Propane basics

Propane is produced from natural gas and crude oil

Chemical diagram of propane C3H8
Chemical diagram of propane C3H8.

Propane is an energy-rich gas with a chemical formula of C3H8; each molecule of propane has three carbon atoms and eight hydrogen atoms. Propane is one of the hydrocarbon gas liquids (HGL) that are separated from natural gas at natural gas processing plants or produced at oil refineries. Most U.S. propane production is from natural gas processing.

Propane occurs naturally as a gas. However, at high pressure or low temperatures, it becomes a liquid. As a liquid, propane is 270 times more compact than as a gas, and it is transported and stored in its liquid state in pressurized containers. Propane becomes a gas again when a valve is opened to release it from its pressurized container, and it is then burned as a gas.

The propane that most consumers use is actually sold as a mixture of mostly propane and small amounts of other HGL, such as butane, and it is often called or labelled as liquefied petroleum gas or LPG.

HGL were discovered in 1912 when a U.S. scientist, Dr. Walter Snelling, found that these gases could be changed into liquids and stored under moderate pressure. The HGL/LPG industry started shortly before World War I when a problem in the natural gas distribution process occurred. A section of the pipeline in a natural gas field ran under a cold stream, and the coldness caused a lot of liquids to build up in the pipeline, sometimes to the point of blocking the entire pipeline. Soon, engineers figured out a solution: facilities were built to cool and compress natural gas and to separate HGL from the methane in natural gas.

Learn more about hydrocarbon gas liquids.

Uses of propane

Propane has a wide variety of uses.

In homes, propane is used for

  • Heating the interior space
  • Heating water
  • Cooking
  • Drying clothes
  • Fueling gas fireplaces and barbecue grills
  • Refrigerating food (in special types of refrigerators that use propane instead of electricity)

Households in rural areas use more propane than households in other areas of the country because many homes in rural areas do not have access to natural gas service, and propane is a more versatile fuel than heating oil. Many households all across the country use propane in barbecue grills.

On farms, propane is used to dry grains and to power farm equipment and irrigation pumps.

In businesses and industries, propane fuels forklifts, portable electricity generators, and other equipment.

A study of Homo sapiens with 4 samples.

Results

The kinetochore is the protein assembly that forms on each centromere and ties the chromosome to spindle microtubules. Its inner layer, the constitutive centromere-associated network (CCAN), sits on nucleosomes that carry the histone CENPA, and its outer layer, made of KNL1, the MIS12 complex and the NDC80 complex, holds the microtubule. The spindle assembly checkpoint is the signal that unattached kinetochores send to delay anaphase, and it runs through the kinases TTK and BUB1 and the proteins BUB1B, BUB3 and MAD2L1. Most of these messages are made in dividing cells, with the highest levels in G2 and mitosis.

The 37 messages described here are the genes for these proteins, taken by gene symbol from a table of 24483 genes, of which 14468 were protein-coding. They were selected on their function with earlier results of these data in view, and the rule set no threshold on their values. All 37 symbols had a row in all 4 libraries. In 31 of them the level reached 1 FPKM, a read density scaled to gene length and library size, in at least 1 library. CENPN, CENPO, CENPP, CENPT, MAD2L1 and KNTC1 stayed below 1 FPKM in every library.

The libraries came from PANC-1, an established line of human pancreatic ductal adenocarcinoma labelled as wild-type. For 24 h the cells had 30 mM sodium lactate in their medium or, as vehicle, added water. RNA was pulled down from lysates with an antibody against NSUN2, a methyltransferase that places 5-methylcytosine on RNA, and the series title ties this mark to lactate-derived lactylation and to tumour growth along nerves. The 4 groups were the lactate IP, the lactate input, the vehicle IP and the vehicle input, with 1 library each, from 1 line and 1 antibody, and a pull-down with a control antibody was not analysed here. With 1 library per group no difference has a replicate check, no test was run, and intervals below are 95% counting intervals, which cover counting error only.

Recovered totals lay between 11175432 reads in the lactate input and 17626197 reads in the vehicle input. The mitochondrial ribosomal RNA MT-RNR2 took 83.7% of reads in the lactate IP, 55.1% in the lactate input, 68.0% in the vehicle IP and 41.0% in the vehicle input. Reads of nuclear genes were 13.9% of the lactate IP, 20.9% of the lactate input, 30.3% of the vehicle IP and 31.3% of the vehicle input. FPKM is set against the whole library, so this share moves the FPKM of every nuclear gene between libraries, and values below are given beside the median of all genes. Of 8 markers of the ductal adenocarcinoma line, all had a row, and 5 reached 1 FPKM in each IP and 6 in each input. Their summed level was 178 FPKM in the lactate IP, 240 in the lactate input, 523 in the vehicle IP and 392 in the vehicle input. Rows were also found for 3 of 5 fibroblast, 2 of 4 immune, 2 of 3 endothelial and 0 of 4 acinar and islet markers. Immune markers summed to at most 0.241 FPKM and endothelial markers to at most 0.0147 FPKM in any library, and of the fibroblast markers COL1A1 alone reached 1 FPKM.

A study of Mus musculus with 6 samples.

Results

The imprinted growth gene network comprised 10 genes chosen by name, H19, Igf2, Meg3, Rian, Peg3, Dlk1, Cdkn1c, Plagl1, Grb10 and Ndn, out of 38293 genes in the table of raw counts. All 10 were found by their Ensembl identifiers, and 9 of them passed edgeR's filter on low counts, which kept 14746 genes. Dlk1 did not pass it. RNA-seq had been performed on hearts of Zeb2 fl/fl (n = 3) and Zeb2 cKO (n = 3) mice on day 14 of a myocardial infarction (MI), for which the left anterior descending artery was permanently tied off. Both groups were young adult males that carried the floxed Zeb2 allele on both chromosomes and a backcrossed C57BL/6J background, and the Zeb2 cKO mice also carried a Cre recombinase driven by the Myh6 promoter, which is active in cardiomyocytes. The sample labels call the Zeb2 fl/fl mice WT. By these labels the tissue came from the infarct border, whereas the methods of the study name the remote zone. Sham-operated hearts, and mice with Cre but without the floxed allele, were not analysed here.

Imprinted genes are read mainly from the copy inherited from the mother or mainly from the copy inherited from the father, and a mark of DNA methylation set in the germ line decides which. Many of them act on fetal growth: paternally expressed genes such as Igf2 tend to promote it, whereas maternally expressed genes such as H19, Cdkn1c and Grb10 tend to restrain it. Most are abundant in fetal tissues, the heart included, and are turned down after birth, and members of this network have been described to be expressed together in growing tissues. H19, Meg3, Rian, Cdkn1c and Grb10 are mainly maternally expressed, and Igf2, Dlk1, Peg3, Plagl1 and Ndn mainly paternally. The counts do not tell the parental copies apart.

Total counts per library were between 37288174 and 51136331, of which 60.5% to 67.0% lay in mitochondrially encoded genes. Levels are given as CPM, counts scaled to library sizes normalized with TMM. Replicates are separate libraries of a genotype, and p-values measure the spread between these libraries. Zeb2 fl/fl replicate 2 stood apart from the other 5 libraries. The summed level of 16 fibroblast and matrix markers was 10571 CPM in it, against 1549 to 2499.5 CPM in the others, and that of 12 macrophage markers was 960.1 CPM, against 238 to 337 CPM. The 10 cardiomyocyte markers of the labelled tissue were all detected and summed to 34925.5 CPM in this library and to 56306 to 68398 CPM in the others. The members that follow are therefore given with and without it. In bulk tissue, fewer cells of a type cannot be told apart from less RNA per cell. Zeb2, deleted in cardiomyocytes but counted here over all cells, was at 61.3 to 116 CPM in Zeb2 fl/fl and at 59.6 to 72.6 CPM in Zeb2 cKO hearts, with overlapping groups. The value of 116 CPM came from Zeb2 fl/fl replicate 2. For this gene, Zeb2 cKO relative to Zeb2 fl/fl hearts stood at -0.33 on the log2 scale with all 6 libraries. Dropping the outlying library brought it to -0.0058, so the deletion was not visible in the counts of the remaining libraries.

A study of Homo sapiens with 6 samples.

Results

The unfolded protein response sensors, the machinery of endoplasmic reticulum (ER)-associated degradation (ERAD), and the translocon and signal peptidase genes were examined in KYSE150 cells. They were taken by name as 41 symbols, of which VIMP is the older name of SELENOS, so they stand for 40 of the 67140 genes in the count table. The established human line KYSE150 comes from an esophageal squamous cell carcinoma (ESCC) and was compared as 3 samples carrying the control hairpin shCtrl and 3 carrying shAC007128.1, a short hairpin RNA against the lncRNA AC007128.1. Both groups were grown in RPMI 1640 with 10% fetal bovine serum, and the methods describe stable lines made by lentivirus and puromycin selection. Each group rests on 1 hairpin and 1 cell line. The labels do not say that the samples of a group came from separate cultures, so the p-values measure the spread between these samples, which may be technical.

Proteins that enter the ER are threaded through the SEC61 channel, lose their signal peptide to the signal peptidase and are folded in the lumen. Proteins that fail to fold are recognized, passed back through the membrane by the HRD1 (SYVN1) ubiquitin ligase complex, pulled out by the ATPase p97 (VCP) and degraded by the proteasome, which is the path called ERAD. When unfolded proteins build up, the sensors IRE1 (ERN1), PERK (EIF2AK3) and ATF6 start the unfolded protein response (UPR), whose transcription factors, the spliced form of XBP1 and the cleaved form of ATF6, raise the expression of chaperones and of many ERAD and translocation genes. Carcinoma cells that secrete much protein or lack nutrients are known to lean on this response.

As a transportation fuel, some government agencies and private companies have cars, trucks, and buses that use propane as a fuel. Propane is also used to heat the air for hot air balloons.

Learn more about how propane is used.

Getting propane to users

Large volumes of propane are moved from natural gas processing plants and oil refineries to bulk terminals across the country in underground pipelines and on trains, barges, and large trucks. Propane is transported overseas to and from the United States in special supertankers.

Local propane dealers fill their propane delivery trucks at bulk terminals. These tank trucks, called bobtails, deliver propane to storage tanks located outside of homes and businesses. The average residential propane tank holds between 500 and 1,000 gallons of liquid propane, and it might be refilled several times a year. Propane for barbecuing is sold in small tanks at convenience and hardware stores.

Did You Know?

The propane inside the tank of your barbeque grill is actually a liquid mixture of propane and other gases, and that's why the tank may be labelled as liquefied petroleum gas, or LPG.

Propane is naturally a gas but is stored and transported in its liquid state to save space. It becomes a gas again when released from its pressurized tank.

Environmental issues

Propane is a clean-burning fossil fuel

An indoor forklift in a warehouse
Indoor forklift

Source: Stock photography (copyrighted)

Propane is a nonrenewable fossil fuel because it is produced from processing natural gas and crude oil. Propane is colorless, and because it is also naturally odorless, a foul-smelling substance called mercaptan is added to it to help detect gas leaks in propane tanks and equipment.

Propane is a clean-burning fuel, which is why it is often used to fuel forklifts in warehouses. Propane-fueled engines produce much lower emissions of carbon monoxide and hydrocarbons compared with gasoline engines and diesel engines. Similar to all fossil fuels, burning propane produces carbon dioxide, a greenhouse gas.